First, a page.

Tort Law

Cross Examination Cases

This page within Virginia Tort Case Law is a compilation of cross examination cases reported by the Virginia Supreme Court and summarized by Brien Roche dealing with the topic of cross examination and the related topic of personal injury. See cross-examination for more information on this subject.    For further information on the topic of cross examination see the pages on Wikipedia.

Cross Examination Cases

2004 Smith v. Irving, 268 Va. 496, 604 S.E.2d 62.

Cross examination cases. In this medical malpractice case, defendant physician testified factually as to what he did and why he did it. He was not asked standard of care questions on direct examination and therefore, it was improper to allow such in cross examination.

2004 Stottlemyer v. Ghramm, 268 Va. 7, 597 S.E.2d 191.

Cross examination cases. In this medical malpractice action, plaintiff sought to cross-examine defendant doctor about prior negligent acts and problems with credentialing. Trial court properly disallowed this. Rule is well established that cross-examination about collateral independent facts are irrelevant. The test of whether a matter is material or collateral in regards to impeachment is whether the cross-examining party would be entitled to prove it in support of its case. In this instance, these prior acts would not be subject to proof in support of the plaintiff’s case and therefore, they were properly excluded.

2003 Velocity Express Mid-Atlantic v. Hugen, 266 Va. 188, 585 S.E.2d 557.

In this personal injury action, defense counsel sought to cross-examine plaintiff’s physician on issue of depression when that had not been raised on direct examination. Trial court properly limited scope of cross-examination.

1999 Food Lion, Inc. v. Cox, 257 Va. 449, 513 S.E.2d 860.

Cross examination cases. Trial court on its own prohibited defendant from cross-examining adverse witnesses called by plaintiff. Right of cross-examination is absolute. Trial court conduct in this case is reversible error.

1982 Chipouras v. AJ & L Corp., 223 Va. 511, 290 S.E.2d 859.

Counsel may not ask one witness to comment on testimony of another. Counsel through his questioning may not testify as to what another witness said. Question that assumes truth of another witness’s testimony is improper because it is argumentative.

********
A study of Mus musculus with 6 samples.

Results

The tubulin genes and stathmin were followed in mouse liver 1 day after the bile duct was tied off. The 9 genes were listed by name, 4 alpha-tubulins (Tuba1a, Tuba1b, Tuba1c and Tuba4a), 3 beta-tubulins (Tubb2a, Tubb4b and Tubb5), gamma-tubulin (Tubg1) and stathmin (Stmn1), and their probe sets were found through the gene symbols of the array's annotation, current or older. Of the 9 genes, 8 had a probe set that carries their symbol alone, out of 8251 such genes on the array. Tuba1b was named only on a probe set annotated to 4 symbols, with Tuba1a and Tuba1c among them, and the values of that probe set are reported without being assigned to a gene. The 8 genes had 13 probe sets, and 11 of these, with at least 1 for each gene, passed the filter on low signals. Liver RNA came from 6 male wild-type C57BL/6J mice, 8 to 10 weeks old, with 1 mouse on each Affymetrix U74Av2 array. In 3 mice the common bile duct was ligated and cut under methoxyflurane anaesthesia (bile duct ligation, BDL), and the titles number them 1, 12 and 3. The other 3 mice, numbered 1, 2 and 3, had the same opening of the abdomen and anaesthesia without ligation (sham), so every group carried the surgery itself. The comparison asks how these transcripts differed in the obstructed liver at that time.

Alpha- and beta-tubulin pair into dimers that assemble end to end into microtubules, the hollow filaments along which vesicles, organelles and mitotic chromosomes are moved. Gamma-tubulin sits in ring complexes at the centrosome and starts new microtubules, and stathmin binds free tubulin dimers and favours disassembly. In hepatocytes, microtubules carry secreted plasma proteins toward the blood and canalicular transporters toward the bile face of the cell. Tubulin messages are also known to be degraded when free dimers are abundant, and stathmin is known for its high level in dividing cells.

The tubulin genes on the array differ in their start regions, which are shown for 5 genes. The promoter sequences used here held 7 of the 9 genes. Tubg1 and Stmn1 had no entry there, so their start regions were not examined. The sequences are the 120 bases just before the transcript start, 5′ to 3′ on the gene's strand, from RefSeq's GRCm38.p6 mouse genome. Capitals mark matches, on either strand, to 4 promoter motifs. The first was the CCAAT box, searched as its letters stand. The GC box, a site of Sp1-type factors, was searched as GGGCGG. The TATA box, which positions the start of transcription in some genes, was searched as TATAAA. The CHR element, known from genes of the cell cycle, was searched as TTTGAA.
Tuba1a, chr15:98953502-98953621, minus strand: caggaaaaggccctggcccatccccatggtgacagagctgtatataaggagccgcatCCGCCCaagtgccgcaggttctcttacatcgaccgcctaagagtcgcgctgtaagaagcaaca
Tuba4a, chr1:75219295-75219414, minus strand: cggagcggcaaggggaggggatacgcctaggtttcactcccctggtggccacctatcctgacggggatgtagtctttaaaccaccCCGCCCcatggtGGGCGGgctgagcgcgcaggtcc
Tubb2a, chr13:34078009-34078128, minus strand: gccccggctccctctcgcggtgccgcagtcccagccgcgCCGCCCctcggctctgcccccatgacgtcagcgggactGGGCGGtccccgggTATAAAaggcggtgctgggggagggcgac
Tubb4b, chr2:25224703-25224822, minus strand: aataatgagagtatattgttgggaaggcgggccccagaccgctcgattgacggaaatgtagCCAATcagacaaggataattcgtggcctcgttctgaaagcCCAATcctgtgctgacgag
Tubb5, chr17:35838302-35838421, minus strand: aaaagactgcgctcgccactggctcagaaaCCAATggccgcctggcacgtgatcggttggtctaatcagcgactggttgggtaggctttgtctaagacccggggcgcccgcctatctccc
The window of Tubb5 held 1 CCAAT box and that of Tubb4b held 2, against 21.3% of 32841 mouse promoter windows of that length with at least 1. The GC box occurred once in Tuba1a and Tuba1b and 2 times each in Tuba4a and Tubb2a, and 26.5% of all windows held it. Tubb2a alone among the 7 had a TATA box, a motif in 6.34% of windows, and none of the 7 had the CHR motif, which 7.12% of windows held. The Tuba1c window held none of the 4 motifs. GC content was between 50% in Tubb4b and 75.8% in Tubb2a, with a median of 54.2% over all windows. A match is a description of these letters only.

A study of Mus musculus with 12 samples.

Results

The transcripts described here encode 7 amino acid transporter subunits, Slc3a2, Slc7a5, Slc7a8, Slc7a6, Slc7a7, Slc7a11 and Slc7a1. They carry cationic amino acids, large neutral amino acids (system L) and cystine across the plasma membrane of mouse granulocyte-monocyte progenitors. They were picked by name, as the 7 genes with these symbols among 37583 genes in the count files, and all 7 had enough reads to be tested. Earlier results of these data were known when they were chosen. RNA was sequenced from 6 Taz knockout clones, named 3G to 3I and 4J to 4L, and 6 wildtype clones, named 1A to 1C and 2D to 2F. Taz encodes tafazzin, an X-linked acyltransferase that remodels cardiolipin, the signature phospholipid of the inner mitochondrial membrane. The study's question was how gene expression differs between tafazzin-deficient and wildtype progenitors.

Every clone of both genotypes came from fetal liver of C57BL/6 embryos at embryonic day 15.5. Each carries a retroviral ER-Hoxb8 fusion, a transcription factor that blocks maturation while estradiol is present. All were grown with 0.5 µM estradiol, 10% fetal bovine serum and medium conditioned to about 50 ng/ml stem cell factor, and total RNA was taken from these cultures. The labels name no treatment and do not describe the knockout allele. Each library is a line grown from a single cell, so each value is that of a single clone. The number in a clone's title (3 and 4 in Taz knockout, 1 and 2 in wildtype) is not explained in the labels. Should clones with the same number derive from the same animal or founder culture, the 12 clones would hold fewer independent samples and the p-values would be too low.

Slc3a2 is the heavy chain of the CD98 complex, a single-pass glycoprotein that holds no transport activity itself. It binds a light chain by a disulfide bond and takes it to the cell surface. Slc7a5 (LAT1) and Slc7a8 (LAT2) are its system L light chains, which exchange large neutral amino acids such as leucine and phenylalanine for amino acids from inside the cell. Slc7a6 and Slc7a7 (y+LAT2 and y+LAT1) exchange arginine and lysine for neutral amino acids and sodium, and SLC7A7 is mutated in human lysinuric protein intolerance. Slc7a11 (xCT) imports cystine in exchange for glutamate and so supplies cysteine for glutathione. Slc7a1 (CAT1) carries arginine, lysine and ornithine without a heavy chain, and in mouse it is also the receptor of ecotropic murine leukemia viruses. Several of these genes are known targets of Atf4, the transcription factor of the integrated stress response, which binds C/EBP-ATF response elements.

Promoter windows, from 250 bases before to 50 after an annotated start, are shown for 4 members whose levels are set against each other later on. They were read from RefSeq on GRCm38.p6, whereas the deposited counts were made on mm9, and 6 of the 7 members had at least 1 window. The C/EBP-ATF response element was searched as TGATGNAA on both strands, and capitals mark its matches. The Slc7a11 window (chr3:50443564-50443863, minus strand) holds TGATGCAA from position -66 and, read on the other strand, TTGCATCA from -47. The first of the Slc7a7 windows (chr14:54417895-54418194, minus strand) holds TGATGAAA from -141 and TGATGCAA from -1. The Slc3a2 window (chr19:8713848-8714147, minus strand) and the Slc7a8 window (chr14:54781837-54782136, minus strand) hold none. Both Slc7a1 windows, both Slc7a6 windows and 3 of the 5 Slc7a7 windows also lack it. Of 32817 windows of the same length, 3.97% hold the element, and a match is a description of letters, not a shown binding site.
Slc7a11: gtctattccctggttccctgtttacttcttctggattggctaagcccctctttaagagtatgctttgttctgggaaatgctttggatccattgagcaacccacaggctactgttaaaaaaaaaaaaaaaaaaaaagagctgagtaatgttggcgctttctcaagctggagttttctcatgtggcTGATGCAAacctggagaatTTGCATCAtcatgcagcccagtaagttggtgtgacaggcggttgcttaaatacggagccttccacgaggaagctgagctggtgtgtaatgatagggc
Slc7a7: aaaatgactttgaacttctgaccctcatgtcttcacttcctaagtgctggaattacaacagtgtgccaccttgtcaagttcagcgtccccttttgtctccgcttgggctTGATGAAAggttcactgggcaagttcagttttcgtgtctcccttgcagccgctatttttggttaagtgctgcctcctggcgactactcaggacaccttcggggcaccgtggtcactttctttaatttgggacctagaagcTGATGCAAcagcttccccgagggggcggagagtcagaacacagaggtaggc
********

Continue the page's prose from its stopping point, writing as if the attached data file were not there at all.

1982 State Hwy. Comm’r v. Cantrell, 223 Va. 185, 288 S.E.2d 435.

Trial court limited cross-examination on damages. Cross-examination on matter relevant to litigation and put in issue by adversary’s witness is absolute right.

1978 Norfolk & W. Ry. v. Chrisman, 219 Va. 184, 247 S.E.2d 457.

Railroad employees not offered by plaintiff as expert witnesses on direct examination nor did plaintiff elicit opinion testimony from them. Trial court properly refused to permit them to express their opinion as to cause of accident as defendant’s questions on cross-examination exceeded scope of direct and called for opinions witnesses were not qualified to offer.

1974 Lugo v. Joy, 215 Va. 39, 205 S.E.2d 658.

Dental malpractice case where x-ray picture, important to case, had allegedly been tampered with or cut. Court properly ruled that no cross-examination of defendant and no argument to jury as to who caused alleged cut would be allowed unless evidence could be presented that defendant was responsible.

1970 Rakes v. Fulcher, 210 Va. 542, 172 S.E.2d 751.

Court properly limited cross-examination when questions would have given jury impression that facts assumed by questions actually existed.

1958 Basham v. Terry, 199 Va. 817, 102 S.E.2d 285.

Cross-examination on issue relevant to case and put in issue by adversary’s witness is not privilege but absolute right.